The Office 365 settings area has received a major user experience update in the last month.
*note that some images have my personal data smudged, your page will display properly
Getting to your settings?
To get to the settings pages an employee chooses the ‘Office 365 settings’ option from the suitebar menu as seen below.
This takes you into the settings area and loads the ‘Settings’ tab explained below.
The ‘My Account’ tab actually just forms a navigation aid to the other tabs, and is weirdly skipped from the suitebar menu.
The ‘personal info’ tab allows you to view and edit contact and address information.
Simply lists everything your organisation has provided for you.
This tab lets you see all the applications from your subscription and also more importantly it shows everything you have allowed access to from the Office Store and Azure marketplace.
This tab gives you the ability to see where you installed software and if necessary deactivate it from that device.
The settings page covers a number of general settings for the employee as seen below.
The theme lets an employee override the default company theme with one they prefer. This might not be something the internal marketing/communications teams like to publicise to heavily.
This little gem allows you to pick which of the default Office 365 services is your ‘home page’ when you first log in.
There are some nuances around this though. It assumes you login via https://portal.office.com rather than typing a direct url to somewhere within Office 365. I also haven’t seen any way that an admin can set this for employees centrally.
The notifications panel is also a fairly recent addition and shows up on the suitebar.
Here you can see that I have a new email waiting to be read.
You have the option to tweak which types of notifications show up and also it’s here you can turn off the notification sounds.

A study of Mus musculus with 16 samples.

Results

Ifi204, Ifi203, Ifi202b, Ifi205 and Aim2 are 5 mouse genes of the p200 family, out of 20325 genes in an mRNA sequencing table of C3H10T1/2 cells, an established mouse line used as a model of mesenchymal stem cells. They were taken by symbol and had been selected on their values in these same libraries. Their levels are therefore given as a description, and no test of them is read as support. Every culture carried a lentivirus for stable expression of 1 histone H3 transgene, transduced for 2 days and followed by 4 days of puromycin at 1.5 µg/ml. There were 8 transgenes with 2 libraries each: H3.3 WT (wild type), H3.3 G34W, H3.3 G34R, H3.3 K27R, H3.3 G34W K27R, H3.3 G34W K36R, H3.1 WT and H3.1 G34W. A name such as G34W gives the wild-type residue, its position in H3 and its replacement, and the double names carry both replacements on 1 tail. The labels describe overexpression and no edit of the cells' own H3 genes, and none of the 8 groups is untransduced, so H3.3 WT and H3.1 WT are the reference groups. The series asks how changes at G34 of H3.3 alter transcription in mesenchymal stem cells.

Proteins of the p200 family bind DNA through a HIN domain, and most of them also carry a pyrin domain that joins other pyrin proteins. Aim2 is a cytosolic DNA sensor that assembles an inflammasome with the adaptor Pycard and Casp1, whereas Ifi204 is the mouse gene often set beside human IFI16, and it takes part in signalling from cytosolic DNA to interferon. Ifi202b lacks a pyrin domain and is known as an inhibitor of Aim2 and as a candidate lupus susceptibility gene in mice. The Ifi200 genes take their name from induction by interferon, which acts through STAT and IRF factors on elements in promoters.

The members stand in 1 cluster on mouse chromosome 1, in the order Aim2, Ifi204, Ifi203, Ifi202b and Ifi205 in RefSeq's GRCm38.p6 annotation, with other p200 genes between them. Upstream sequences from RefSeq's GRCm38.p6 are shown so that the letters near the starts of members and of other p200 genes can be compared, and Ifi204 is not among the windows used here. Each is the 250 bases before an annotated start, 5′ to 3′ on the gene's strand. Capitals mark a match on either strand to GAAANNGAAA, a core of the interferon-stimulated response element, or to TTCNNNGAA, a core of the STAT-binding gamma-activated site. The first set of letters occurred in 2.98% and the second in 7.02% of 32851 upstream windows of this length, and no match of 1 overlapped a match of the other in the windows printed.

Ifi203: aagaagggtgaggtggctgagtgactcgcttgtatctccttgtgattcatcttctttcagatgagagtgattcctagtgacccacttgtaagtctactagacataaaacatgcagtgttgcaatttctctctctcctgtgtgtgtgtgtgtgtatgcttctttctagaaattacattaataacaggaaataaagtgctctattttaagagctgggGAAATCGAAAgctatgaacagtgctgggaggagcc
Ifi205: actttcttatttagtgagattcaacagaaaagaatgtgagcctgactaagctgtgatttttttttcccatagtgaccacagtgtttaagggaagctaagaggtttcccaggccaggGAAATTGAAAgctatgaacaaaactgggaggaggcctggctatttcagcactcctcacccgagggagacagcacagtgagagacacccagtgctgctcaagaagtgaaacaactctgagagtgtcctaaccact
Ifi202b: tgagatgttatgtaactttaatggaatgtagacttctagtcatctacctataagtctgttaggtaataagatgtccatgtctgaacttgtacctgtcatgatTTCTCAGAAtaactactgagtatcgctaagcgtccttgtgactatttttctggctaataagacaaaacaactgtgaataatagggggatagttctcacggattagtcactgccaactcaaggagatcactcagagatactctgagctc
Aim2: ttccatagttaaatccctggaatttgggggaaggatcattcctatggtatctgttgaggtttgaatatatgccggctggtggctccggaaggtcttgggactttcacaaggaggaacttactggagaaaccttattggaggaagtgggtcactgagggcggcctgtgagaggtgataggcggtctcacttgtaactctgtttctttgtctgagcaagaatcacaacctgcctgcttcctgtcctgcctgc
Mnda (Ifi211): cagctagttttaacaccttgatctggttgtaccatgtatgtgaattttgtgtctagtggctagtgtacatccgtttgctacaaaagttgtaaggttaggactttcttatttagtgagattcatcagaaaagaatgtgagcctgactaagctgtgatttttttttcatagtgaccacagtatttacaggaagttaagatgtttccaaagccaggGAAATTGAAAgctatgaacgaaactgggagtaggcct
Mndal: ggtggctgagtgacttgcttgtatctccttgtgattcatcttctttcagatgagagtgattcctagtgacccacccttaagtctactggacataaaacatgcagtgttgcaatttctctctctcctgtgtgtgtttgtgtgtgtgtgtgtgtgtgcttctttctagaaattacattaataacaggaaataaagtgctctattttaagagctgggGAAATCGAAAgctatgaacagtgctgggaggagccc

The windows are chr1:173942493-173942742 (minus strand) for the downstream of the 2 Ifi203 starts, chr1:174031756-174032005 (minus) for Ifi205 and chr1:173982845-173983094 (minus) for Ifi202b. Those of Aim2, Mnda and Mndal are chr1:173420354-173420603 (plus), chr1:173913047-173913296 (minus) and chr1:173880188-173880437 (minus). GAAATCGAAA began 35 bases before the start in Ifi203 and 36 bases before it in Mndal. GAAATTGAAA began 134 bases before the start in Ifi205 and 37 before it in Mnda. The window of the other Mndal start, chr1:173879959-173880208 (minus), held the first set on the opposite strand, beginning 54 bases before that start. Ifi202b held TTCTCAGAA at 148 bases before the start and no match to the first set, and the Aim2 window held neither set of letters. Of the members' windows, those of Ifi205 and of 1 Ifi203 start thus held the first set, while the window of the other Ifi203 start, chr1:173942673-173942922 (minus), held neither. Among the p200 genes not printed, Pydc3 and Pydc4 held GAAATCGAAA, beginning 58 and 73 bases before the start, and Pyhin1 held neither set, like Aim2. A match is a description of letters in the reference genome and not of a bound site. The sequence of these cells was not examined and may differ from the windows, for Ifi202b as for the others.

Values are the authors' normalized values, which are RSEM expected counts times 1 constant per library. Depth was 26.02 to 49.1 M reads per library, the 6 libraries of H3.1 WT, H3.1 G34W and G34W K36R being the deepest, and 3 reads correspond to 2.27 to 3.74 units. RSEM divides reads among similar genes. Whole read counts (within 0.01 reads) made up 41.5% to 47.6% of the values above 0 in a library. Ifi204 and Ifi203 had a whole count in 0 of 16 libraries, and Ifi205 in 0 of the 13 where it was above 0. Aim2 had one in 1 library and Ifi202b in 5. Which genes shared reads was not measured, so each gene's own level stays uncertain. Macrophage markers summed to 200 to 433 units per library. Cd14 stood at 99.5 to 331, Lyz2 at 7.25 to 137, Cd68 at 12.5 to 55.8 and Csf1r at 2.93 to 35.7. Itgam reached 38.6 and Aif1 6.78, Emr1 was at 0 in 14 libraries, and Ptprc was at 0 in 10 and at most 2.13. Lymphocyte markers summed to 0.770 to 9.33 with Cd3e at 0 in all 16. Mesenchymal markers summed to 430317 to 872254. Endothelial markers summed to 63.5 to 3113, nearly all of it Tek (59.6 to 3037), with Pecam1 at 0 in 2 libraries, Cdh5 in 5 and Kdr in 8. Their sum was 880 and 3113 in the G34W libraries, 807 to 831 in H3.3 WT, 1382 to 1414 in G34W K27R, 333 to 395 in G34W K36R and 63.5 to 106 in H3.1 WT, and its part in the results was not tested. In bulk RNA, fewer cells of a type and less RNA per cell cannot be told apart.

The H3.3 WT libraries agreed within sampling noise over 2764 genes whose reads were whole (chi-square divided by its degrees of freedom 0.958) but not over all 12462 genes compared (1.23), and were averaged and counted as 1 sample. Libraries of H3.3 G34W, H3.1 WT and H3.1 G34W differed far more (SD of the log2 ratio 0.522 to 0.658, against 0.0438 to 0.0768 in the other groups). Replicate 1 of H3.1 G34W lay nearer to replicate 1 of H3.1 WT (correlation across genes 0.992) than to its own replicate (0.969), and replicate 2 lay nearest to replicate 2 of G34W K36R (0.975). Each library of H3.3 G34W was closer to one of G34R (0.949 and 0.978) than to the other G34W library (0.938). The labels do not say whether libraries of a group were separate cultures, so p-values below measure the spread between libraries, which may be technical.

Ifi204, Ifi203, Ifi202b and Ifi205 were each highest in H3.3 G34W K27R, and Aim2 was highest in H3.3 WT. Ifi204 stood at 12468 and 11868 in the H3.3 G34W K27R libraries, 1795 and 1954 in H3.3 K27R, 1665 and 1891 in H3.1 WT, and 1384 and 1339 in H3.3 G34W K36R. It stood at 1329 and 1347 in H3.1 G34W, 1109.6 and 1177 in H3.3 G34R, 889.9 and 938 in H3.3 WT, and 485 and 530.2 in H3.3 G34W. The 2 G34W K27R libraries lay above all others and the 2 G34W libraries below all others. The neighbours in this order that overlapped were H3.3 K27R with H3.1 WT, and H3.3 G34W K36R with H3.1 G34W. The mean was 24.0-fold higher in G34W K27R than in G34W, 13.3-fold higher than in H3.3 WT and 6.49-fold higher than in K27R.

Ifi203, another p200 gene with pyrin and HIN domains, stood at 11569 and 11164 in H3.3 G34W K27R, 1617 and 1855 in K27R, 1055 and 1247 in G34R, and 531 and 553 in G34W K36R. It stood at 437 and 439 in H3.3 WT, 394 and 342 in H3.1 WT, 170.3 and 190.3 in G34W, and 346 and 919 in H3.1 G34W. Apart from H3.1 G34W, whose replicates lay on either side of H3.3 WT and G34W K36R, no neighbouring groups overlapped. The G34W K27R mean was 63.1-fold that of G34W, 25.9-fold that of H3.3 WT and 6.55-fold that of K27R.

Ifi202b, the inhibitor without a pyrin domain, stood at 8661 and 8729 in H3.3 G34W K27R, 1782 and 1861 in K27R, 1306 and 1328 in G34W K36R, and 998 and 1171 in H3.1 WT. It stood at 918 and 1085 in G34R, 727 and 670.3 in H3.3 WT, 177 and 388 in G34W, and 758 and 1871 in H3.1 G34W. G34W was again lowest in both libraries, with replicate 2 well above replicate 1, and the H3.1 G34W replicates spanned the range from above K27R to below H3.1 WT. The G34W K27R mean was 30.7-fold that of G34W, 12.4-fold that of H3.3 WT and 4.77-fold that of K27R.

This is where you can download and install various software from your tenant. It takes you to a separate screen as below.
This is something worth highlighting to employees as it allows them to change their password in Azure AD. Obviously this is dependant on how IT have configured the identity underpinnings, so worth checking with them.
A great place to turn off marketing email spam and partner marketing. I’m also a little surprised this is done at a per employee basis, I can’t imagine the average employee wanting to hear from partners. Not sure if this can be set centrally or not.
Pick you language.
Here are my thoughts about the impact of this great new experience on the different groups in your organisation.
- IT and support
- IT support need to be informed and understand these new screens to handle enquiries correctly. They may need to update training and self-help materials as well.
- IT will need to check how some of these settings will behave inside their organisation considering things like password change and desktop software installation.
- Internal communications and marketing
- With the changes comes an opportunity to rave about the improvements in self-service password changing, the personal settings like themes, notifications and having the ability to install the desktop software from the tenant.
- Informing the employees about the changes and maybe take advantage of the video portal to post a short 30 second sound bite about the updates. Maybe even push out a new Sway with the changes.
- Knowing about changes is half the challenge in Office 365. With so much emphasis on dev APIs and new ways to customise it is often forgotten that you need to know your service as well. I bet half the organisations are asking for features to be built in SharePoint pages now available in the settings experience.
I hope you found the article useful.